Actresses Sofia Vergara and Christina Applegate were among the numerous celebrity cancer survivors cramming the red carpet Friday leading into the second "Stand Up To Cancer" telethon.
"Modern Family" star Vergara, 38, talked about beating thyroid cancer, which was diagnosed about 10 years ago.
"Well, I think cancer for me was a very hard experience in my life, because I was young and I had my kid," said the Colombian actress. "But I think it was also very good, because I changed the way I live my life. I think now I don't sweat the small stuff anymore. It makes you realize, it makes you change your priorities in life. So, I was very lucky that I was able to beat it, and I've been in remission for a very long time now. And I learned from it. I learned to live a better way," she said.
Virtually all of the others walking the press gauntlet also shared stories about how they or loved ones were affected by cancer. Among them: actresses Marcia Cross and Fran Drescher, sports figures Dorothy Hamill and Kareem Abdul-Jabbar, musicians Neil Diamond and Kelly Osbourne.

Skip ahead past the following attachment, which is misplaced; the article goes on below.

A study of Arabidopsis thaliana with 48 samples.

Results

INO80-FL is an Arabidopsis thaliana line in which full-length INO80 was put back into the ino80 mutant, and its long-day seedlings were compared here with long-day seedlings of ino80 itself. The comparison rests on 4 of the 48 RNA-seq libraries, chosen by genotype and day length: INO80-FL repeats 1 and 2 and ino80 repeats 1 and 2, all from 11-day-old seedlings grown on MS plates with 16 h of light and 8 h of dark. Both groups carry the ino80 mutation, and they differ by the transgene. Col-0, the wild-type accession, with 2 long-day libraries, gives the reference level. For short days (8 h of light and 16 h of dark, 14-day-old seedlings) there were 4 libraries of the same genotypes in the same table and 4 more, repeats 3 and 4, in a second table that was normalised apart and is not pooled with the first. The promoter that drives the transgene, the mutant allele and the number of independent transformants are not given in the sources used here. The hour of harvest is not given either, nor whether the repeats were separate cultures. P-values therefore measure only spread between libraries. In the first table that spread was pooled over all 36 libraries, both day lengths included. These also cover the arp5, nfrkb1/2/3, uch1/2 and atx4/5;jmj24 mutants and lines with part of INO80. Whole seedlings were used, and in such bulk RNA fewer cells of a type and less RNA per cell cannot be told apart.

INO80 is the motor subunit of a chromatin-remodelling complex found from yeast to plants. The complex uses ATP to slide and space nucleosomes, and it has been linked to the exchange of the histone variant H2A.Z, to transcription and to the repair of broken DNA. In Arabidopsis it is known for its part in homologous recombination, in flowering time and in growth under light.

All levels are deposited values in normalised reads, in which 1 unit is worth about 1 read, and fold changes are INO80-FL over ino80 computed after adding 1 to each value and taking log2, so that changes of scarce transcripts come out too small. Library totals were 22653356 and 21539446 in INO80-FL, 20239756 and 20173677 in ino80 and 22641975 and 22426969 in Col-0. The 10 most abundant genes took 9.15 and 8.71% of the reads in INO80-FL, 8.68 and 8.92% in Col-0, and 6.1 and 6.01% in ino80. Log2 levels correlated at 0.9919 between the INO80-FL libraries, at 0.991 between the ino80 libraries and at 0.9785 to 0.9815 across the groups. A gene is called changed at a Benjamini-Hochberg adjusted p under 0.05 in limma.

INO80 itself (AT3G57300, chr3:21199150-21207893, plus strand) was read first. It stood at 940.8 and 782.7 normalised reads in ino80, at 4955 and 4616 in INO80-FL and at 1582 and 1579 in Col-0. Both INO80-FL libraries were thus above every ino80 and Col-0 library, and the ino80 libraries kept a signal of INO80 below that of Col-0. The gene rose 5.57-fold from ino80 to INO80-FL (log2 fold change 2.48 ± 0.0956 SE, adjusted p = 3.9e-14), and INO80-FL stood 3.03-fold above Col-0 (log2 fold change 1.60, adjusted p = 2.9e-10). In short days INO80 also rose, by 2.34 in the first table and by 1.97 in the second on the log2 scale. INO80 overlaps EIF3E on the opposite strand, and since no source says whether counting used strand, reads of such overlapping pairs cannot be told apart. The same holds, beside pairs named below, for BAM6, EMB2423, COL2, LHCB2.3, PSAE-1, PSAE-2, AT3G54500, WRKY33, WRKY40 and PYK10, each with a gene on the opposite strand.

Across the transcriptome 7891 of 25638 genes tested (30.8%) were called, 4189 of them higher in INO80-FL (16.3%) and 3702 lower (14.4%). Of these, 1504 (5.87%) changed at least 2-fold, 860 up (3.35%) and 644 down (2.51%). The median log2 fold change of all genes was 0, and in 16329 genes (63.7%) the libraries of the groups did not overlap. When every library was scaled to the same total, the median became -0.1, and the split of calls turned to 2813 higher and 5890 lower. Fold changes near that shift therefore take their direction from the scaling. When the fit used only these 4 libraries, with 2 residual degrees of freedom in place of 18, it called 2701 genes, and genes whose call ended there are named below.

Osbourne, 25, said her presence was solely due to her mother Sharon's battle with colon cancer. "I know how hard it is to watch somebody you love so much be so sick, and not know how to help them," Osbourne noted. "But the one thing that I did learn from it is that just being there and just helping my mom out, and just trying to cheer her up was all I really needed to do, because that's all she wanted."
The "Stand Up for Cancer" telethon, which aired on virtually all major television networks in the United States and in many countries worldwide, included taped appearances by actor Michael Douglas, who is currently battling throat cancer, and actor George Clooney, whose legendary aunt, actress and singer Rosemary Clooney, died from lung cancer in 2002. Others appearing on the telethon included actor Will Smith, musician Stevie Wonder and U.S. president Barack Obama.
The first "Stand Up To Cancer" telethon took place in 2008 and raised some $100 million for cancer research. A publicist for the event said a tally of this year's donations would not be available until later in the weekend.
The event was hosted by news anchors Diane Sawyer, Brian Williams and Katie Couric and produced by Film and TV producer Laura Ziskin, a cancer survivor.